Book examines the patron saint of drug traffickers, prostitutes, insecure lovers and forgotten segments of Mexican society
“Devoted to Death” explores the growing cult following of Santa Muerte, the “holy saint of death”
Friday, Dec. 16, 2011
Virginia Commonwealth University Professor Andrew Chesnut recalled exactly when he first became interested in writing about the folk saint Santa Muerte. It was in March 2009 when news reports indicated that the Mexican army had bulldozed dozens of homemade altars to the folk saint along the U.S. border.
“I was immediately intrigued,” said Chesnut, Ph.D., Bishop Walter F. Sullivan Chair in Catholic Studies and professor of religious studies. “I remember wondering – what has she done to provoke the Mexican army to demolish 40 shrines?”
Chesnut spent nearly two-and-a-half years working to answer that question, examining Santa Muerte and her growing cult of followers in Mexico, Central America and the United States. His findings are included in his new book, “Devoted to Death: Santa Muerte, the Skeleton Saint,” just published by Oxford University Press.
“While this book will certainly appeal to an academic market, my real intent was to reach out to the general reader,” said Chesnut.
Though condemned by the Mexican government and the Catholic Church, Santa Muerte thrives among criminals, the downtrodden and those concerned about lovers with cheating hearts.
“She is seen as a love magician by Mexican women who think their boyfriends and husbands are cheating on them,” Chesnut said. “The women believe Santa Muerte can bring them back.”
Chesnut said that before 2001 Santa Muerte was a largely unknown figure of the occult, but in the past decade, awareness and devotion have grown rapidly.
“Most Mexicans self-identify as Catholics. And while there are myriads of saints to turn to, many see her as fast-acting,” said Chesnut. “A lot of devotees see her as number two only to God in the power she has over life and death. And at a time when people are looking for fast miracles, like finding a job, they turn to a saint that can answer their prayers promptly.”
Chesnut said despite opposition from church and state, followers are devoted to the folk saint because she does not discriminate. And in a country with a sharp divide between poor and rich, death becomes the great leveler.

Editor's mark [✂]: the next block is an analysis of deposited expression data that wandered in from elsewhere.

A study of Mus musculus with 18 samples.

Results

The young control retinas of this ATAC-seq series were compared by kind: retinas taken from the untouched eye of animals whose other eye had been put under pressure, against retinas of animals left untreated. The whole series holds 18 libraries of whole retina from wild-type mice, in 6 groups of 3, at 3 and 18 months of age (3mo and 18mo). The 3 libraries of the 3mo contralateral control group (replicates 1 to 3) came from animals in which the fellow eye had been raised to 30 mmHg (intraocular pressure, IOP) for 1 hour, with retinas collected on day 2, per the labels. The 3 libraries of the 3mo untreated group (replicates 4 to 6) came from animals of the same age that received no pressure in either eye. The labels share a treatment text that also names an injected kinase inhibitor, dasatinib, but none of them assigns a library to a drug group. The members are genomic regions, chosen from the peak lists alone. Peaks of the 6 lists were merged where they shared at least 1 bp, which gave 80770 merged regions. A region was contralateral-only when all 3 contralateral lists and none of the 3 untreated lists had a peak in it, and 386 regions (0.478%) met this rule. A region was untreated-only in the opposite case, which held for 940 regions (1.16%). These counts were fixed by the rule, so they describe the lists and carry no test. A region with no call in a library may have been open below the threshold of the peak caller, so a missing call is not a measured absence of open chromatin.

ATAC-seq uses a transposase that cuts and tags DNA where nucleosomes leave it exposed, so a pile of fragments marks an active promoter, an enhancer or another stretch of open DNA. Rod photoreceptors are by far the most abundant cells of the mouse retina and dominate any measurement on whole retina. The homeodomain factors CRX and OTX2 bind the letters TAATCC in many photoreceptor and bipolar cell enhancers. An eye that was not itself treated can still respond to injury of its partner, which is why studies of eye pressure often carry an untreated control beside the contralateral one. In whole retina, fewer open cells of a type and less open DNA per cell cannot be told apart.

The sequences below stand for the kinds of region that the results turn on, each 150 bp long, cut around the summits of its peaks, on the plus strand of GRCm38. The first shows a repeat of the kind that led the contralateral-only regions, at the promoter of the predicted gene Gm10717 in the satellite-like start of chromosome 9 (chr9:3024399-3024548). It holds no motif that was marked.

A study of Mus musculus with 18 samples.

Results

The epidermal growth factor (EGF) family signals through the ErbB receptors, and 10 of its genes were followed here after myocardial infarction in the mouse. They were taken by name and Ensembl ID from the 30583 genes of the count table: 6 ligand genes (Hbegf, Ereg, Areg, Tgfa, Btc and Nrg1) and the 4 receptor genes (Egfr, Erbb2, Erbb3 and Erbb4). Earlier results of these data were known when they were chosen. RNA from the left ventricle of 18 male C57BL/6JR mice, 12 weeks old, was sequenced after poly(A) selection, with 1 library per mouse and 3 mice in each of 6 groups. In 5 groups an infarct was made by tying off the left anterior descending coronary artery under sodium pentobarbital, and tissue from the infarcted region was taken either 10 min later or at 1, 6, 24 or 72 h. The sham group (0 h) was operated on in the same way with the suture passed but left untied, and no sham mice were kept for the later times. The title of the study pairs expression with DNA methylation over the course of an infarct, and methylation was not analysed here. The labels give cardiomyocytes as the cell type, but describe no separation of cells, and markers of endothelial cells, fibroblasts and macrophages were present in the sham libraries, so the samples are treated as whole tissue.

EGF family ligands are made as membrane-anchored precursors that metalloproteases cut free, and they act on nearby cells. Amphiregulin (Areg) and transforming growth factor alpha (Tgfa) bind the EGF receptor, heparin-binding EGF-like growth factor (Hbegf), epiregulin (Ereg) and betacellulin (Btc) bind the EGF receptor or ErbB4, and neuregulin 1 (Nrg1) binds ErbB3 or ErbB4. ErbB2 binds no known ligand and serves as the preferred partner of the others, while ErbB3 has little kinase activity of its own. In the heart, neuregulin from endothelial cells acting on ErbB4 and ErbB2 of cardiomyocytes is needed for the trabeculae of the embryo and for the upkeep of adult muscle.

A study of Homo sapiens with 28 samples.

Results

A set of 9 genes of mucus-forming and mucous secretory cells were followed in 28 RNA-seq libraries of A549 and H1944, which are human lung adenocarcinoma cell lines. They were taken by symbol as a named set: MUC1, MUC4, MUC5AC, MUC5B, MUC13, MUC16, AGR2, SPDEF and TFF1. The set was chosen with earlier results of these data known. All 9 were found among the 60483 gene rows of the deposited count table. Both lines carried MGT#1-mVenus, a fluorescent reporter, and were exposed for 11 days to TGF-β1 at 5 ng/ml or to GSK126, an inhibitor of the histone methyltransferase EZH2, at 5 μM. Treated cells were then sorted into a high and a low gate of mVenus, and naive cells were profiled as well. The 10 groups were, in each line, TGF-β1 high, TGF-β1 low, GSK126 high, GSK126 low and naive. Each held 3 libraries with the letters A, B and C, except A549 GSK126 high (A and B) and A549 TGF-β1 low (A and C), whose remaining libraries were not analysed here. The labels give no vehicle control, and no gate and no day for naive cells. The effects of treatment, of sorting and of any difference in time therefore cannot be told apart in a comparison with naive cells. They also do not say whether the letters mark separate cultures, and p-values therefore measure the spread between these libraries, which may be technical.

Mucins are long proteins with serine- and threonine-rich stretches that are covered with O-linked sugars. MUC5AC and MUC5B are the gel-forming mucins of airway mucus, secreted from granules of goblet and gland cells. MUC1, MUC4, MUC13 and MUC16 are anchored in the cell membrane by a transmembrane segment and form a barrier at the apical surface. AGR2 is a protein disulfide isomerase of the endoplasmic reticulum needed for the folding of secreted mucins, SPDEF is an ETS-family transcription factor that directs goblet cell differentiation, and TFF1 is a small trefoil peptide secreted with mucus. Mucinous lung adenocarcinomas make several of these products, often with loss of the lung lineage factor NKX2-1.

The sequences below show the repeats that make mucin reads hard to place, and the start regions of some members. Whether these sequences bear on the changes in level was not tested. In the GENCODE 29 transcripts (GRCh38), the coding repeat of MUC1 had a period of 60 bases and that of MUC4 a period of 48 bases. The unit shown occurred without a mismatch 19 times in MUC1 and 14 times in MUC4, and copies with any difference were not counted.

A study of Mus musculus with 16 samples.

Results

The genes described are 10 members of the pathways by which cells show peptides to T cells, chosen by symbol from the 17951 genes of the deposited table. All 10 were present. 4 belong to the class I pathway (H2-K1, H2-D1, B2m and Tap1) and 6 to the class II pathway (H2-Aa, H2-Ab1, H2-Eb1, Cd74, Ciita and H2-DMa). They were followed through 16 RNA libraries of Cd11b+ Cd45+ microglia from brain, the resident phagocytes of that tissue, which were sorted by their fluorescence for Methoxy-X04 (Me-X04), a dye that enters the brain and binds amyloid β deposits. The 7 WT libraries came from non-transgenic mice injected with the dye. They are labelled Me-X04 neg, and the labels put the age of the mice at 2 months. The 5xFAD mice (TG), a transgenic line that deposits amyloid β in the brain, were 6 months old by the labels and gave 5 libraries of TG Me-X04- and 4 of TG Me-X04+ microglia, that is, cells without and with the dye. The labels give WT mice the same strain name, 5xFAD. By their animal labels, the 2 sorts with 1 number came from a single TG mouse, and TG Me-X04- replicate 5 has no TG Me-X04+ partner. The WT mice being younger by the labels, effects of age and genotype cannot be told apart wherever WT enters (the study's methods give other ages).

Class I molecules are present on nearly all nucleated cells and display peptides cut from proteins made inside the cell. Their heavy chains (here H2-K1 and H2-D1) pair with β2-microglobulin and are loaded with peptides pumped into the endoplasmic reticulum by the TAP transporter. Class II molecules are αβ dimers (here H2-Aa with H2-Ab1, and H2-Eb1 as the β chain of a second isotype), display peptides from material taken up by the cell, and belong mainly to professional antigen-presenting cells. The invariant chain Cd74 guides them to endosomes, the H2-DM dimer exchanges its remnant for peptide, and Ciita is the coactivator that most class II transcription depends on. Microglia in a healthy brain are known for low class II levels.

“She offers a special appeal to those who feel death is close in their lives,” Chesnut said. “Who better to ask for a few more grains in the hourglass of life than death herself?”
It is Santa Muerte’s perceived power over life and death that leads criminals, particularly drug traffickers, to become her most faithful followers.
“She has been identified as a patron saint of narcotics traffickers,” Chesnut said. “Some traffickers believe there is no better way to guarantee safe passage of their drugs to market than to call for the intercession of Santa Muerte.”
Chesnut said news reports in Mexico have reinforced the saint’s reputation of protecting traffickers but Santa Muerte is actually a multi-tasker.
“There are varieties of colored candles, each with a specific purpose: a black candle will bring harm to others, a purple candle will bring healing and a red candle is for affairs of the heart,” Chesnut said.
Santa Muerte is generally represented as a skeletal figure, wearing a long robe and usually carrying a scythe and a globe. Chesnut also found shrines and shops in the U.S.
“I found evidence of Santa Muerte’s influence in large American cities,” said Chesnut. “And it wasn’t until later on, that I searched for her in Richmond. And I found evidence here – votive candles for sale in several shops and a couple of figurines. And at one religious articles shop, almost half of their sales are related to Santa Muerte artifacts. And there’s a temple there, too.”
Chesnut gathered research by interviewing devotees, including a trip to the cult’s main altar in Mexico City. He traveled there with his wife, a native of Mexico.
Chesnut said he was a little worried that followers would be reluctant to talk to a foreigner about their beliefs but those concerns faded when the altar’s high priestess approved of his interviews. Followers were eager to share their stories.
Still, he said working in an area frequented by drug traffickers and criminals added an element of danger to the research.
“But nothing ever happened,” Chesnut said. “I guess Santa Muerte was watching our backs.”